The Ritz Carlton has long been synonymous with luxury and style when it comes to travel. Now, the brand is making efforts to be the leader in ecotourism, too. At three of the brands properties, oceanographic explorer, environmentalist, educator, and film producer Jean-Michel Cousteau has developed a total immersion and experiential program called Ambassadors of the Environment to provide guests the opportunity to learn more about the diverse ecosystems and cultural traditions that exist around the Ritz Carlton’s hotels and resorts.


Grand Cayman Eco-Tourism and Travel, Jean-Michel Cousteau

Cousteau spent a long weekend at the Ritz Carlton Grand Cayman property to unveil the newest addition to the destinations; program – a glass bottom mini-yacht tour that takes hopeful divers and snorkelers over the stunning caribbean coral reef. Once there, guests have the chance to dive in, literally, and explore the  USS Kittiwake  –  Grand Cayman’s most impressive shipwreck  – as well as get up close and personal with local marine life.  The program is actually perfect for Grand Cayman property. Since its opening on Seven Mile Beach, the luxury resort has led the way in delivering an insider’s look at the culture, heritage and natural history of Grand Cayman. There is an art walk showcasing local Caymanian artists, island-based treatments at the resort’s La Prairie spa, and a culinary workshop called The Cayman Experience  dedicated to preparing creations with locally-sourced catches, fruits, vegetables and spices.

Seven Mile Beach Cabana

In addition to the boat voyage, Ambassador guests can immerse themselves in several other unique Caribbean eco-tours in Grand Cayman where the islands’ ecological resources become a natural classroom and living laboratory. During a guided kayak tour through the treasured mangroves known as “the forests of the sea”, guides are able to locate marinelife for the ultimate sensory experience and back at the Ambassador’s house, a kids’ focused day camp allows little explorers to focus their energy on environmental studies while their parents enjoy dinner at Eric Ripert’s exclusive Blue restaurant.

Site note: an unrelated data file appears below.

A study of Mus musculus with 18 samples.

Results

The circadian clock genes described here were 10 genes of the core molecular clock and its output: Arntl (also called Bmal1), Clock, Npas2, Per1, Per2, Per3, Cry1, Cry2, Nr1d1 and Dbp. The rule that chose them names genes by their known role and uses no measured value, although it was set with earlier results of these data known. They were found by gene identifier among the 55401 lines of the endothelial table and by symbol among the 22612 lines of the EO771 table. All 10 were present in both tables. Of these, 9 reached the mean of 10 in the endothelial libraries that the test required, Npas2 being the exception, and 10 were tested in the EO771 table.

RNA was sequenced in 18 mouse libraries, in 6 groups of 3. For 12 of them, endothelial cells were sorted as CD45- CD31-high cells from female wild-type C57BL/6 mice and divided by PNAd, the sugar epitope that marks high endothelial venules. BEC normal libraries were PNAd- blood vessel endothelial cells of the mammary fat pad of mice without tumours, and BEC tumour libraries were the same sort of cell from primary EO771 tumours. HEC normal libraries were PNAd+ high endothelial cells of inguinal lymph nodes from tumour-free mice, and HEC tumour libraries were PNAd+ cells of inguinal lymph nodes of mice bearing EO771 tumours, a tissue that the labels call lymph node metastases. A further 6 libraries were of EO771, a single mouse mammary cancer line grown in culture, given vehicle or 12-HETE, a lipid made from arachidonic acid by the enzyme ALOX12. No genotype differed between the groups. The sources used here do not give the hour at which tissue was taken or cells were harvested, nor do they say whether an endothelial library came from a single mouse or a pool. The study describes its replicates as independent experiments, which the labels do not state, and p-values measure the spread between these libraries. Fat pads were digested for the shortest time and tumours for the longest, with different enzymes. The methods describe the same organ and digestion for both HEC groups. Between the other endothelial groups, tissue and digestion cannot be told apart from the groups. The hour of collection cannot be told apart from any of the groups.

“The kids love it here, and the parents love dropping them off. But when they come back to pick them up –  WOW! They want to stay, too,” says Cousteau. Kids, he explains, are the way to change the world. “The children are sponges, they see and absorb everything. Help them love the ocean and they will protect it.” 


Specially curated experiences are on offer at the Ritz Carlton Kapalua in Hawaii, also, where guests join Cousteau-trained Naturalists on an intimate hike through the rainforests or to help gather wild plants to feed the endangered Blue Iguana. They can also snorkel among Maui’s beautiful coral reefs and participate in private underwater photography sessions.


The Ritz Carlton is even taking the eco-conscious concept inside and  has committed to going more globally conscious in their restaurants. “Jean Michel, it is because of you we changed to paper straws and more changes are coming,” said Marc Langevin, the general manager of The Ritz-Carlton, Grand Cayman, at the screening to celebrate “Secret Ocean,” Cousteau iMax film celebrating the water world. These changes, though, are not at the expense of the luxury and comfort of the guests “This is the Ritz Carlton, it will always feel like one.”